Riders unhappy with TriMet's solution when fare machines broken

Riders unhappy with TriMet's solution when fare machines broken

PORTLAND, Ore. – More MAX riders tell KATU News they're being unfairly ticketed because it's impossible to buy a ticket at some stops.

But ticket officers have no sympathy.

Causing all the fuss is the ticket machines that sometimes don't work. So folks get on the trains anyway thinking they have a good reason for having no ticket.

It happened to Sean Derry and his father on Saturday night on the way to the Timbers game. He says there were no working ticket machines at the Millikan MAX stop. So not knowing what to do, they got on anyway.

When they got off the MAX at Jeld-Wen Field, the TriMet ticket officers on the platform would not listen and wrote them both $175 tickets.

"So we went up there, explained our situation, and they pulled out the ticket books and wrote my Dad and I (tickets)," Derry said.

Derry says for TriMet passengers, there's a better way to deal with the problem.

"The spirit of the law kind of says, 'Hey, as an officer I understand why you did that. Here we have the ticket booth right here. You need to pay for a ticket. We're not going to write you a ticket but understand, next time, you need to stop at each one of those stations.'"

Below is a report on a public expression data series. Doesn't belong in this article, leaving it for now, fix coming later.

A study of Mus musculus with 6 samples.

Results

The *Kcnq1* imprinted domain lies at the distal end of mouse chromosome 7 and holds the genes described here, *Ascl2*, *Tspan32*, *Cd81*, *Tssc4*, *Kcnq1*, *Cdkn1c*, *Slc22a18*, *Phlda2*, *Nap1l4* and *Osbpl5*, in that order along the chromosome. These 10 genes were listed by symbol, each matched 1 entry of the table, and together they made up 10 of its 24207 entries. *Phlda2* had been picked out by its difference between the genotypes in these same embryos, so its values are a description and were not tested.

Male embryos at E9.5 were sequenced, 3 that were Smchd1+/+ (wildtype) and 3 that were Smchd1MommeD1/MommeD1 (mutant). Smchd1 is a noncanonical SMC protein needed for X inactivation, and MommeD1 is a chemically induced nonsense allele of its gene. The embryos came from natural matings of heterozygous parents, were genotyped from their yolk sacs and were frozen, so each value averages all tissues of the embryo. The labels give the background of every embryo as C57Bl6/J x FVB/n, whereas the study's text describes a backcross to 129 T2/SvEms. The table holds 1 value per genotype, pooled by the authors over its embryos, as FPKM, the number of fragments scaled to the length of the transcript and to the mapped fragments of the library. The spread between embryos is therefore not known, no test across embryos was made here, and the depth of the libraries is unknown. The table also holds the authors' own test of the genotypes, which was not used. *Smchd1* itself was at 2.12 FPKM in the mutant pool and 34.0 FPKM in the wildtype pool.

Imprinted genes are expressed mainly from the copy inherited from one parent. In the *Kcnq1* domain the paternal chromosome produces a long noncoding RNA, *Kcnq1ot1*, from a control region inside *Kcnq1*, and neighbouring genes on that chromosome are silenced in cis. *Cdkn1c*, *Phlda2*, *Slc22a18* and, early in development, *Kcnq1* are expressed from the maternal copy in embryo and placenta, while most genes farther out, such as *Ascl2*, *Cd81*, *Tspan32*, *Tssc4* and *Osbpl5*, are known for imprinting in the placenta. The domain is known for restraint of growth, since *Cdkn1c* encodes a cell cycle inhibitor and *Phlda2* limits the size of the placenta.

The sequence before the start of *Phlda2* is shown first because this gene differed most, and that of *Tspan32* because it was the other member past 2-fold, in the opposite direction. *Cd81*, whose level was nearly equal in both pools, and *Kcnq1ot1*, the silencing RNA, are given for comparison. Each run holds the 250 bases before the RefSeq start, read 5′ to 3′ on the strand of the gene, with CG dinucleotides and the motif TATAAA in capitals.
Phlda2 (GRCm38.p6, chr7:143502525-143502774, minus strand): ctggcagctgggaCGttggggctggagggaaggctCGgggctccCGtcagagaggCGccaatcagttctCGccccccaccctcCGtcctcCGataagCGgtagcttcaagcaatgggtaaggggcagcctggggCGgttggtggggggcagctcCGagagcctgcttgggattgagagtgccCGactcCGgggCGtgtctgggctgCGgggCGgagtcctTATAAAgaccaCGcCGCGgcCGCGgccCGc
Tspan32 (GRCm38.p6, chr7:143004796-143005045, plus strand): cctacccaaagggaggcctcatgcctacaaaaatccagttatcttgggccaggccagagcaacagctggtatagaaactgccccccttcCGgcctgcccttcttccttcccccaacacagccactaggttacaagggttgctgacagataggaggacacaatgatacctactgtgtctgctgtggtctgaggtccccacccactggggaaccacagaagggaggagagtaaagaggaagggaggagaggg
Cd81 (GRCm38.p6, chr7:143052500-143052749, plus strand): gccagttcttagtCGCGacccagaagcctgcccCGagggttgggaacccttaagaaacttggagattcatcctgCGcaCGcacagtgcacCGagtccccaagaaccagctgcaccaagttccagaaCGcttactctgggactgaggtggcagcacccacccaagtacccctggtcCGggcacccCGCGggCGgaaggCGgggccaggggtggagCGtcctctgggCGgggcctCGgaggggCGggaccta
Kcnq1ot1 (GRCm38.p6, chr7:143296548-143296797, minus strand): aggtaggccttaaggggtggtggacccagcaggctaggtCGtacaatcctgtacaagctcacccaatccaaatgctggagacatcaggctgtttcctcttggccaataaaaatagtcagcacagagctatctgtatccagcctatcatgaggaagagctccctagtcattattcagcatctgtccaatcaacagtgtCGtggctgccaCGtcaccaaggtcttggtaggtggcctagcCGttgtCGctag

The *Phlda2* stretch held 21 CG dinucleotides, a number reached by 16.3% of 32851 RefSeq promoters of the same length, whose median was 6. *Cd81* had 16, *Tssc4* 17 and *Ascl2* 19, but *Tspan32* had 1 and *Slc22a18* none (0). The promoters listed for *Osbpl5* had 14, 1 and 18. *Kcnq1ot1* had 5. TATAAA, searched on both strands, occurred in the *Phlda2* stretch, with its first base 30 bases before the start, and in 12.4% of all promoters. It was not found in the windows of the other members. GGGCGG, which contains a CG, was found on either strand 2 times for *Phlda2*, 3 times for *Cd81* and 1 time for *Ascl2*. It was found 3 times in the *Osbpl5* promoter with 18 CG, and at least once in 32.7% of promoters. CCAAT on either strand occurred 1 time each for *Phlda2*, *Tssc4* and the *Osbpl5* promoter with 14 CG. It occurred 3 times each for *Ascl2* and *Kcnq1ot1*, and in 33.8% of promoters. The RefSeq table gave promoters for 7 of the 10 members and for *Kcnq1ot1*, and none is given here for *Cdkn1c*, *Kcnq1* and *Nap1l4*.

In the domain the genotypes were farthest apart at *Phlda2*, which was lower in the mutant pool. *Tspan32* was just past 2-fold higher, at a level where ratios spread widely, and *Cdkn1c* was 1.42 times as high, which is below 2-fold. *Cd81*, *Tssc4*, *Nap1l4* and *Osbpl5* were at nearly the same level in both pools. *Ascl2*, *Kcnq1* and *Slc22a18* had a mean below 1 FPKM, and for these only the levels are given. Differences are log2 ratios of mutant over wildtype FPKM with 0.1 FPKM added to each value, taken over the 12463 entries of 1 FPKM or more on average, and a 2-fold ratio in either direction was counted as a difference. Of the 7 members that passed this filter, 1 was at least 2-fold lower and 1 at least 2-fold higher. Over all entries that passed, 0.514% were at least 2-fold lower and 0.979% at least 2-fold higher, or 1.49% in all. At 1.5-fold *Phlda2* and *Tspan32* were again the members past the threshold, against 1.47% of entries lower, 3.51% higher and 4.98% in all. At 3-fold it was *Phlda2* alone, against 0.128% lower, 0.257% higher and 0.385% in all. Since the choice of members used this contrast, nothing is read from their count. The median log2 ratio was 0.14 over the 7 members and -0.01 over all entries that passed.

Those stations? On its website TriMet tells riders if there are no working ticket machines, they need to stop at each MAX station on their route until they find a working machine and purchase their ticket.

Derry argues that TriMet should put a notice on the machine's electronic screens that passengers need to go to the next stop and buy a ticket. (Currently, what is displayed is: "Sorry, this machine is temporarily out of service.")

"Just because if it's not there, people aren't going to do it, and then you're getting tickets for something, that just doesn't seem right," he said.

KATU did find a machine at Northeast 60th that had been out-of-order for 19 hours (and counting) even though maintenance had been notified, according to TriMet's Twitter feed.

It was bad news for commuter Amy Fisher who couldn't pay. She wasn't willing to get off at every MAX stop until she could buy a ticket.

"And get fired from work because I'm late every day? I don't think so," she said.

So she rode the MAX to work anyway with no ticket.

She said it wasn't the first time a faulty machine meant she had to risk getting a ticket.

According to TriMet, it has crews working two shifts a day to care for machines. In a statement TriMet said the ticket machines are reliable 92 percent of the time and it is currently working to replace 120 of the oldest ticket machines in service. Once it does, every ticket machine will be five years old or newer.

We learned about this story through a news tip. If there's news in your neighborhood, email us at newstips@katu.com.